Jason Kaeb Director of Business Development, KSi

A Kansas State University graduate, Jason Kaeb earned a degree in management information systems and operations management. After graduation, he worked for Sprint Nextel before joining KSi, a family-owned startup that has seen double-digit growth in the production and service of bulk seed handling and treatment equipment and automation systems. Kaeb has served in various positions including operations, automation/controls, service and sales. Today, as director of business development, he leverages his broad understanding of the seed handling and treatment industry to provide solutions to end customers, and maintains relationships with some of the largest and most influential companies in the seed industry.

As a manufacturing company, partnerships are vital to our success and sustainability as a company. As with many other businesses, our network of relationships that must be maintained and fostered is extensive. Some of these include suppliers, accounts, end customers, internal, distributors, financial and OEMs (original equipment manufacturers).

If one of these relationships becomes strained, it has the potential to impact the whole production process. Of special importance to us is OEMs. We are set up as an OEM for many of our providers, as we integrate their equipment and devices into our solutions that we provide for the industry. On the other hand, we work with a number of equipment manufacturers that incorporate our equipment into their product offerings to enhance their solutions in the marketplace.

In fostering these relationships, it’s about understanding what our core competencies are and creating a synergy that allows us to develop a solution that neither one of us could do, or would want to do, on our own. It’s important for us as a business to recognize that we are a small fish in a very large lake with many great agricultural manufacturers. As such, it’s imperative that we understand our strengths and focus on those, rather than try to move into an area outside of our strengths.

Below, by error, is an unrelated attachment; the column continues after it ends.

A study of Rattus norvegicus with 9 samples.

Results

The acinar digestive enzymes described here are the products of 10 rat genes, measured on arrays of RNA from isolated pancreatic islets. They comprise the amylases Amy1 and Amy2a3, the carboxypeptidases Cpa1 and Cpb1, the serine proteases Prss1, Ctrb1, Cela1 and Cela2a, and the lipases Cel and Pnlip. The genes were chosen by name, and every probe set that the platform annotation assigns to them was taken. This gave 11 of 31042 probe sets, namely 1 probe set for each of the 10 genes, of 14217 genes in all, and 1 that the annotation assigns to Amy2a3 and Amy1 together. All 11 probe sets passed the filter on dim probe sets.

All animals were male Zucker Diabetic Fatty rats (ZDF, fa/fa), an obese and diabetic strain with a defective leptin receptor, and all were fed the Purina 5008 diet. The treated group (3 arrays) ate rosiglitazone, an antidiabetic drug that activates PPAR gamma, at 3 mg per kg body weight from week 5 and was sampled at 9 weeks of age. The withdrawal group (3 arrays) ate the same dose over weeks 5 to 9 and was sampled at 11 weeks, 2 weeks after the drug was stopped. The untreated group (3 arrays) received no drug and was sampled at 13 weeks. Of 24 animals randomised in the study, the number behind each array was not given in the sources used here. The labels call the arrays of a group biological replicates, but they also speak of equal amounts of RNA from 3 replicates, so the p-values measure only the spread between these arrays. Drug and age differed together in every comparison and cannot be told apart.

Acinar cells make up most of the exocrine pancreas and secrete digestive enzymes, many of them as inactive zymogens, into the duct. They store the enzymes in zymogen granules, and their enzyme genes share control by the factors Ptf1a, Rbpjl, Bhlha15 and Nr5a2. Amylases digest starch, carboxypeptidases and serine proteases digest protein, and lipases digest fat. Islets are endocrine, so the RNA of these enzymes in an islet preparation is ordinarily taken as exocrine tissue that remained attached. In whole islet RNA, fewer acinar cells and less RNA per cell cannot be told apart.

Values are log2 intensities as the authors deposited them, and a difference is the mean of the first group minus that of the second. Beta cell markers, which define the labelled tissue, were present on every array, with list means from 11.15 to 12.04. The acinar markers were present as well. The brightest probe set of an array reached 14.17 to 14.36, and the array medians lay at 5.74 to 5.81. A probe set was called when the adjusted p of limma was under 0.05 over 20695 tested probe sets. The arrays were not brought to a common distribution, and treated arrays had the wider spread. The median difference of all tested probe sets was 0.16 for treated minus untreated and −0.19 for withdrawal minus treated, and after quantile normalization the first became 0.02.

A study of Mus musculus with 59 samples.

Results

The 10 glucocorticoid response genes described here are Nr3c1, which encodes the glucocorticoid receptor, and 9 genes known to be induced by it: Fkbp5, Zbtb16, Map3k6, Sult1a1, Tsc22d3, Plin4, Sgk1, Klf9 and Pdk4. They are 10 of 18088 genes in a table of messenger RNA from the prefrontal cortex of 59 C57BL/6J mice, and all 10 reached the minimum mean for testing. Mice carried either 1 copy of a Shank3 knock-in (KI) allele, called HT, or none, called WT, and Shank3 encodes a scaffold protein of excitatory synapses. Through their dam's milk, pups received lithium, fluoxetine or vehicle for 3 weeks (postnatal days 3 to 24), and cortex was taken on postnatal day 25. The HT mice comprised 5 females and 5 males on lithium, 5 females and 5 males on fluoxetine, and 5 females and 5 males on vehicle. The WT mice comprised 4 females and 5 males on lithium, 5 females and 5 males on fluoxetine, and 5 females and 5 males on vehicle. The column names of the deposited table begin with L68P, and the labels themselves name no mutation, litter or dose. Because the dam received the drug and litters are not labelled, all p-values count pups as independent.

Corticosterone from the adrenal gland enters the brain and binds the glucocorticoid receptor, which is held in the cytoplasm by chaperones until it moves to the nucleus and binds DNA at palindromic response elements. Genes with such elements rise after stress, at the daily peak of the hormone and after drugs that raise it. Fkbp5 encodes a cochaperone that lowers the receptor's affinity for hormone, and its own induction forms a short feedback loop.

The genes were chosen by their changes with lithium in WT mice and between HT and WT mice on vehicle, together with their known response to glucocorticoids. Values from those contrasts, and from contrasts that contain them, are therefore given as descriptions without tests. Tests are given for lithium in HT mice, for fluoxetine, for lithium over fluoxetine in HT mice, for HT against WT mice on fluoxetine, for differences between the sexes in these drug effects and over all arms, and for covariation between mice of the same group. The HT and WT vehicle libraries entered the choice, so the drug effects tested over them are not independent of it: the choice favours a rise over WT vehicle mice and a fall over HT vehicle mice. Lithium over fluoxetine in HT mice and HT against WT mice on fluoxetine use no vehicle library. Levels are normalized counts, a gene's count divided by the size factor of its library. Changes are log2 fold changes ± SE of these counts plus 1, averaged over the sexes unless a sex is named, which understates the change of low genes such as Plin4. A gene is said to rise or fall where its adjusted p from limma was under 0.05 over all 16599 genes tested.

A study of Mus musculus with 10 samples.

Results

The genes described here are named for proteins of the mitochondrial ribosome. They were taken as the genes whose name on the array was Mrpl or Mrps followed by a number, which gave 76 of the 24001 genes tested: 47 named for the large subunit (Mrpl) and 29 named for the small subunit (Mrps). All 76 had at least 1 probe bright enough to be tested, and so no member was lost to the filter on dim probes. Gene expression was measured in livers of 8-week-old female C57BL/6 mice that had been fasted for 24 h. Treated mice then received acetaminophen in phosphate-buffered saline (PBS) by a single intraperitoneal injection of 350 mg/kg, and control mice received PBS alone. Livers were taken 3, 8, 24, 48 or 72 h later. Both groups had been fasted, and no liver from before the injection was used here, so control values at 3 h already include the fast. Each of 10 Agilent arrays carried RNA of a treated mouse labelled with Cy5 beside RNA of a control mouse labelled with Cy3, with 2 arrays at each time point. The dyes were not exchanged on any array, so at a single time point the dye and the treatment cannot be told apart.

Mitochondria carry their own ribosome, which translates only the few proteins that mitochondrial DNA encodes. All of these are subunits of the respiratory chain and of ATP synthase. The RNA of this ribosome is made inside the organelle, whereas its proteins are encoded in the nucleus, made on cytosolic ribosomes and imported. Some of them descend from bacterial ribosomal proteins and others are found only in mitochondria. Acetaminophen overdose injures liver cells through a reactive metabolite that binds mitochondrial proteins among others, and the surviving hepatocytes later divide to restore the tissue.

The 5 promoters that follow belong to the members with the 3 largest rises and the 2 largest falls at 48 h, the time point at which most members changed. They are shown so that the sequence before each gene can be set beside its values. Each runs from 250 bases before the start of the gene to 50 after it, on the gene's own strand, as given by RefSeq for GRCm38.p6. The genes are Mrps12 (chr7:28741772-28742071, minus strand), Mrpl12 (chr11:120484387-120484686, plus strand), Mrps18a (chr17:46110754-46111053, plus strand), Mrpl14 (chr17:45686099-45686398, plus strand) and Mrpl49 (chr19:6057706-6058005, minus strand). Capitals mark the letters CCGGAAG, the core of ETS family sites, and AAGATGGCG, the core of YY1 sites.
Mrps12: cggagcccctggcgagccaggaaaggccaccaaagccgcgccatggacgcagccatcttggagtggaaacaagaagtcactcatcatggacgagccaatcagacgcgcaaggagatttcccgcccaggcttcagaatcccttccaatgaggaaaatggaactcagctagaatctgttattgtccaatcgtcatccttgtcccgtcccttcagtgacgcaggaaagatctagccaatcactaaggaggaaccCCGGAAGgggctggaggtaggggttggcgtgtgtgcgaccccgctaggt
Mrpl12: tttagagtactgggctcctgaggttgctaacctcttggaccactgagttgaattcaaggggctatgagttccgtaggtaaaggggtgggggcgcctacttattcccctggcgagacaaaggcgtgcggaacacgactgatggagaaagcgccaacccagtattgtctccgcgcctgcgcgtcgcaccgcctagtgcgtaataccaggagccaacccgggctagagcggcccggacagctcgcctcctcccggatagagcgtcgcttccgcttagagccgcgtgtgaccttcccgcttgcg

We don’t need to be designing and engineering motors, load cells and other hardware — that’s not our area of expertise. Now if someone needs a conveyor or bulk handling automation solution, then we’re the go-to source.

In many cases, we are able to expand our business and product footprint through establishing OEM relationships, where our equipment is used as part of another manufacturer’s equipment. For example, the KSi cleated-belt conveyor, when mounted to different models of planters, air carts and seed tenders, adds value to our partners’ products.

By partnering with other OEMs, you must be receptive to feedback and open to listening to different perspectives. As a business owner, it’s easy to be inward looking, and it takes intentional effort to be outward looking.

We are proud to be an OEM for John Deere, CNH and others, but these relationships don’t just help our bottom line, they help us to be a better business and, in turn, create better products. As a small company, these partnerships have helped us grow when it comes to documentation, product quality and service … and that’s good for everyone, both internally and externally.

Remember: Know your strengths and work to develop partnerships with others for a better end product.